Iraq’s al-Nujaba Movement says all indications suggest that the United States has a hand in the botched assassination attempt against Iraqi Prime Minister Mustafa al-Kadhimi whose residence was targeted by and explosives-laden drone in the capital Baghdad, calling for the expulsion of the American ambassador from the country.
Sheikh Ali al-Asadi, the head of the political council of the Iraqi resistance movement, called the attack an attempt to plunge Iraq into an abyss of internal strife, which could have dangerous consequences.
“All evidence and signs indicate that the American embassy is involved in the incident,” he added, noting that the diplomatic mission did not take any measures in order to repel the attack despite the fact that it is equipped with a C-RAM air defense system.
Asadi called for formation of impartial committees to help identify and prosecute those responsible for the failed attempt to prevent manipulation of criminal evidence.
“If the evil American embassy is found responsible for the attack, the seditionist US ambassador [Matthew H. Tueller] must then be expelled from Iraq,” head of the al-Nujaba Movement’s political council said.
The spokesman for the Iraqi Joint Operations Command has already raised questions about the inactivation of the US military’s C-RAM systems used to detect and destroy incoming rockets and flying objects.
“We are currently discussing the matter with the American side and officials from the US embassy. This is an issue that experts should throw light on and explain,” Major General Tahsin al-Khafaji said on Sunday.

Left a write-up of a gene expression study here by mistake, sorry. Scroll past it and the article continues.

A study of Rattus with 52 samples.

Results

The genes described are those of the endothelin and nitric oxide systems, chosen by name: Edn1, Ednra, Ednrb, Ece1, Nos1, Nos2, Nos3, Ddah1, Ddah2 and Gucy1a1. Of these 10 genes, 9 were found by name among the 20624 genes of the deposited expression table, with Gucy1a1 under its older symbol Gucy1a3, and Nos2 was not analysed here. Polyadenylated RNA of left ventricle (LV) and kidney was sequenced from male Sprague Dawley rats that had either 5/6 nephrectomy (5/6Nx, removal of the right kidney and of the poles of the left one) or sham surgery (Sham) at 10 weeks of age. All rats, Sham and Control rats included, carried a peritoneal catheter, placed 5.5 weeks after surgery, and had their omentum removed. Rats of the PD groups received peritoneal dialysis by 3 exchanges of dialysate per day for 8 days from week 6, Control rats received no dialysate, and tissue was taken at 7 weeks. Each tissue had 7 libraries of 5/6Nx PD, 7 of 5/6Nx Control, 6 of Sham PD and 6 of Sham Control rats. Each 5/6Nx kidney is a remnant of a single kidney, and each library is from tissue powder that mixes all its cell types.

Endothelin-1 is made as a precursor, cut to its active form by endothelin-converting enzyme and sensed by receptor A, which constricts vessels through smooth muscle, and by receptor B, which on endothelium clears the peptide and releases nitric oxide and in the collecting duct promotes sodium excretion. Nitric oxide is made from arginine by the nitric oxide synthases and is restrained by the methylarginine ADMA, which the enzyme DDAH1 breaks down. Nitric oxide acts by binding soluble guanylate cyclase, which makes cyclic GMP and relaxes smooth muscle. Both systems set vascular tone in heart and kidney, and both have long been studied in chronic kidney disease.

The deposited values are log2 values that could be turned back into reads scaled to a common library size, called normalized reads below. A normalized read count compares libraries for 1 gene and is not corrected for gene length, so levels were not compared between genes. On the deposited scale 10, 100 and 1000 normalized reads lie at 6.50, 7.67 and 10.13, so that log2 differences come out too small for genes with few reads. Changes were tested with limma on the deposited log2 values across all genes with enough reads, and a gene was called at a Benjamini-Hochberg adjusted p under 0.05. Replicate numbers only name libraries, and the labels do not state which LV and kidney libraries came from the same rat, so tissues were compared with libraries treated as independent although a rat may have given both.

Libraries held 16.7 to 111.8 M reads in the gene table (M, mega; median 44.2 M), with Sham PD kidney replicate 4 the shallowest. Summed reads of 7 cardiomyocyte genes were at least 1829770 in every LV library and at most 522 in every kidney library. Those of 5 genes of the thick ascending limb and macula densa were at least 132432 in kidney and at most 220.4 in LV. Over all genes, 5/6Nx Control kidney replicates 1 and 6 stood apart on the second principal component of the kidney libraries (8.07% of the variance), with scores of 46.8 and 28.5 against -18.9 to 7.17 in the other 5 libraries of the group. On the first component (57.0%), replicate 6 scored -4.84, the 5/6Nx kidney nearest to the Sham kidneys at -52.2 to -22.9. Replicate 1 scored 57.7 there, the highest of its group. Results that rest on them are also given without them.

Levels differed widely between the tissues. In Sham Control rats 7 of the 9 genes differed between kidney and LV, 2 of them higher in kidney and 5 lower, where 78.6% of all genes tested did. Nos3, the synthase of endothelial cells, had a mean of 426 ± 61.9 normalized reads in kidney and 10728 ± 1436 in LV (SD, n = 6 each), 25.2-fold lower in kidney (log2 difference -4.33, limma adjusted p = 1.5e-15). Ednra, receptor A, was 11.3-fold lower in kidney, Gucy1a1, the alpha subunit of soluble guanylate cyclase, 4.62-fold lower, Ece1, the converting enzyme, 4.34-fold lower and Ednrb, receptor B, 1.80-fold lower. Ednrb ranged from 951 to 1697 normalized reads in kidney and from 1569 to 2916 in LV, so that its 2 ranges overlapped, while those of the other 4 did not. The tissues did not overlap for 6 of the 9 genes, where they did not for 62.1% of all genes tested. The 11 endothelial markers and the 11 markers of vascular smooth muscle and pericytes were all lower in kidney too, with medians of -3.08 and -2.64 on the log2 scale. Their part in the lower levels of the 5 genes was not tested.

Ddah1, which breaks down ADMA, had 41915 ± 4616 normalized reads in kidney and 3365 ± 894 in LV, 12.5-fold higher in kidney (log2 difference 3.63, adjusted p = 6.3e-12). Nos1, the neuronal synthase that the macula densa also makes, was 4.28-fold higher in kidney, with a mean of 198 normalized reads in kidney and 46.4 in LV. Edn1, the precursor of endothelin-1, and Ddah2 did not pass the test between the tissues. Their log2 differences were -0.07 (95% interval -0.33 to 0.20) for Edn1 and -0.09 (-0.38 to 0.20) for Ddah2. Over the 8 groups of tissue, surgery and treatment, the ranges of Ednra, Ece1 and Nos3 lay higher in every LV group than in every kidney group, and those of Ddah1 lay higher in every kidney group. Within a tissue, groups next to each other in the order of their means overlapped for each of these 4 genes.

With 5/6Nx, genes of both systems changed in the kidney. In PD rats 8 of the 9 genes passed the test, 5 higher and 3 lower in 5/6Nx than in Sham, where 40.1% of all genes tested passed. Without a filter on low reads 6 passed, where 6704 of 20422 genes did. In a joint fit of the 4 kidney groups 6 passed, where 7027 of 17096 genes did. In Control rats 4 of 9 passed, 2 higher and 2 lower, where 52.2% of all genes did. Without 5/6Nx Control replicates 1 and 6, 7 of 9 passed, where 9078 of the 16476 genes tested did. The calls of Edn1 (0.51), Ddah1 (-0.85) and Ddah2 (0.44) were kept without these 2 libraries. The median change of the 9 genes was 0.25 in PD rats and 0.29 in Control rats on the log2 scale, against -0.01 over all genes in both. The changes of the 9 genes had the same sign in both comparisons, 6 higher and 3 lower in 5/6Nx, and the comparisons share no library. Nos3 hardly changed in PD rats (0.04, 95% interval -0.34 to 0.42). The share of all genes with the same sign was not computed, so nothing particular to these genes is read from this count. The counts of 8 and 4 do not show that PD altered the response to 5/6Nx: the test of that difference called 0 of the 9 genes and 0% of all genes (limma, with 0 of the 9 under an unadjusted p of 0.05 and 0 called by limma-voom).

A statement released by the Security Media Cell, affiliated with the Iraqi prime minister’s office, said Kadhimi was subjected to a failed assassination attempt with a booby-trapped drone early Sunday.
The statement said the drone attack targeted his residence, but the Iraqi prime minister was “unharmed” and is “in good health.”
No group immediately claimed responsibility for Sunday’s attack.
The attack came two days after protests in the Iraqi capital over the results of last month’s legislative elections turned violent.
Demonstrators denounced what they called “fraud” in the polls, and clashed with security forces outside Baghdad’s high-security Green Zone.
Gunfire could be occasionally heard on the protest site, with as many as three protesters reported dead and dozens wounded.
Iraqi leaders and resistance groups have denounced attacks on people protesting against the results of the October 10 elections, in which Shia cleric Muqtada al-Sadr’s party won 73 seats to be the largest group in the country’s 329-strong parliament.